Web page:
Sunday, 16 May 2010
Lee Roberts and J. Will Callahan Smiles
Dick's eye falls on an old dusty American jazz record, of the tune. Tender Is The Night - a film script by Malcolm Lowry
One of the things I like about Malc's film script for Scott Fitzgerald's Tender Is The Night is that it is littered with references to films and jazz music which give us an insight into Lowry's cinema and jazz favourites.
Smiles was written by Lee Roberts and J. Will Callahan in 1917 and was recorded by a number of artists including Campbell and Burr on Columbia.
I have yet to find a definitive list of who recorded the tune. A more jazzy foxtrot version can be heard here:
Joseph C.Smith's Orchestra Smiles RCA Victor 1918
The above contains some great photos of old gramophones which also fits in with the scene painted by Lowry:
In the corner, the camera sees an old fashioned gramophone with a horn. Tender Is The Night - a film script by Malcolm Lowry
You can read an account of how Roberts and Callahan wrote the song here:
The Rotarian July 1951 Page 51
The most famous version of the song was sung by Helen "Smiles" Davis. Her career as an entertainer began before World War I. Soon after the United States declared war on Germany in 1917, General Pershing issued a call for performers to travel to Europe to entertain American troops. Helene was among those selected to go. As a dancer and singer, she took with her several current tunes, including one so new that it had not been published. She took a lead sheet written in pencil with just single notes of "Smiles." She sang it for the troops and for the rest of her life was known as "Smiles."
There was even a version by the The United States Army Ambulance Service Jazz Band. This has a certain resonance given that Dick was a captain in the Us Army Medical Corps in the novel!
An early version I like the most is this one I found at the UC Santa Barbara Library's Cylinder Preservation and Digitisation project by Harmony Four:
The Harmony Four on Edison Blue Amberol
Here are the lyrics to the song so you can sing along:
Dearie, now I know
Just what makes me love you so,
Just what holds me and enfolds me
In its golden glow;
Dearie, now I see
’Tis each smile so bright and free,
For life’s sadness turns to gladness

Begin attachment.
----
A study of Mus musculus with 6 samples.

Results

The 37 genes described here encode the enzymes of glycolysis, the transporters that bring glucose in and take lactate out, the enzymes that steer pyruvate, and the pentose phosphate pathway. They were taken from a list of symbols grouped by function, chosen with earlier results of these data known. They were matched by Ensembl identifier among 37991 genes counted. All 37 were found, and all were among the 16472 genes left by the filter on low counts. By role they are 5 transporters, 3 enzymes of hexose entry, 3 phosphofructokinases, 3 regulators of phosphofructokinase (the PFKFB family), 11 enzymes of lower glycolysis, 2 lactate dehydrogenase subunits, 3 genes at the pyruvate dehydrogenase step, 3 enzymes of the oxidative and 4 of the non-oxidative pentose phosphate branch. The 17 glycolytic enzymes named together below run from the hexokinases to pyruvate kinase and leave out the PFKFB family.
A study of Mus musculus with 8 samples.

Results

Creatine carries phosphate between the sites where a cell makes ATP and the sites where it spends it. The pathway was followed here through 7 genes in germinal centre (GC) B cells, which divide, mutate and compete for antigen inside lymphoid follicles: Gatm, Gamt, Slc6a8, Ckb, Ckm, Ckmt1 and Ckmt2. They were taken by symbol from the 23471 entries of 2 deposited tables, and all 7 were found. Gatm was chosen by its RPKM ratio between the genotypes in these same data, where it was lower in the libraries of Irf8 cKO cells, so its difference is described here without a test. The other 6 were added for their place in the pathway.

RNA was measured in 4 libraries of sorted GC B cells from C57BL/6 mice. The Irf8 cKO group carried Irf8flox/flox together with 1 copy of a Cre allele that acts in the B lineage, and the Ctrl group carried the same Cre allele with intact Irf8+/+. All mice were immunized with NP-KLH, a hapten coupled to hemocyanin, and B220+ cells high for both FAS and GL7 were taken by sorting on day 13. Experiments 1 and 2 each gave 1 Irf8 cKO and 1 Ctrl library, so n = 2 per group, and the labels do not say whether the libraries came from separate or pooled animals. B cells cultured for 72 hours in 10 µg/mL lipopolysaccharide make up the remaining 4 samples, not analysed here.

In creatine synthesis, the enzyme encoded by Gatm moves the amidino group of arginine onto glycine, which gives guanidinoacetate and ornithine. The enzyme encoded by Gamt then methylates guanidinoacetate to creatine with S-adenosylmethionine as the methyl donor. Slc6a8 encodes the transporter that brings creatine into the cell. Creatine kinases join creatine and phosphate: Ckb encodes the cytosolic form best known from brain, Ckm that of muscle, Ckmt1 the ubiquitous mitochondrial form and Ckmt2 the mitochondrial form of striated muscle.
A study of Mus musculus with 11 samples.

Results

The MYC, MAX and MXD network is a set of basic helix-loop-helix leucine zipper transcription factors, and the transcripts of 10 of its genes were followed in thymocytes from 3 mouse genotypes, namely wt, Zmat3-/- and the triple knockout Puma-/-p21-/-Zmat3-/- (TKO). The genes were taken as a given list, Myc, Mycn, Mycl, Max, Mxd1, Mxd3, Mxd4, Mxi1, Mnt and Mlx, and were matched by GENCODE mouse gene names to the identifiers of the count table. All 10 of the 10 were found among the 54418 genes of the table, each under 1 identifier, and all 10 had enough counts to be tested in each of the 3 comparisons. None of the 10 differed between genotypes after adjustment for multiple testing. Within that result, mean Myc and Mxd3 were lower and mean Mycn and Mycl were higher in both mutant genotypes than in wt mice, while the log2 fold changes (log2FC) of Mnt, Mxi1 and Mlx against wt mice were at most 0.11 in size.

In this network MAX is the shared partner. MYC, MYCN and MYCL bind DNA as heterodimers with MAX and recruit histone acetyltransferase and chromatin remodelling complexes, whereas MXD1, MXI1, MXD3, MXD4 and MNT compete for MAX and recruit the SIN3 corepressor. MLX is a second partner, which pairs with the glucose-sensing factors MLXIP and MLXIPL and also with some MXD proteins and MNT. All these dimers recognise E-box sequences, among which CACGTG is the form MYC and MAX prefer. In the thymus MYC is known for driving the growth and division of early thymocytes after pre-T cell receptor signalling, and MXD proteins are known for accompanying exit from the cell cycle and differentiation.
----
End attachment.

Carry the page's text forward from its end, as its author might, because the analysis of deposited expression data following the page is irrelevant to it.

When you smile on me.
[sung twice after each verse]
There are smiles that make us happy,
There are smiles that make us blue,
There ae smiles that steal away the tear-drops,
As the sunbeams steal away the dew,
There are smiles that have a tender meaning
That the eyes of love alone may see,
And the smiles that fill my life with sunshine
Are the smiles that you give to me.
Dearie, when you smile
Ev’ry thing in life’s worth while,
Love grows fonder as we wander
Down each magic mile;
Seem to float upon the breeze,
Doves are cooing while they’re wooing
In the leafy trees.
(CHORUS 2 times)
The song also featured in the famous The Passing of 1918 show.
The Passing Show of 1918 was a Broadway musical revue which opened in the Winter Garden Theater on July 25, 1918. Playing for 142 performances, it closed on November 9 of the same year. The show was produced by Lee and Jacob J. Shubert.
The show featured music of Sigmund Romberg and Jean Schwartz with book and lyrics by Harold Atteridge. It is noted as an early appearance of Fred Astaire and the debut of the hit songs I'm Forever Blowing Bubbles and Smiles. Wikipedia
Apparently, the song has featured in at least 25 films to date. Lowry probably knew the song from when he was a youth but it is also possible given that he is including the song in the film script that he had a movie in mind. The song features in the 1939 Rose Of Washington Square and the 1943 Is Everybody Happy?
It is more than likely that if Lowry had a film in mind then it would have been Rose Of Washington Square as another record that Dick looks at in the film script is Japanese Sandman which is featured in the same film.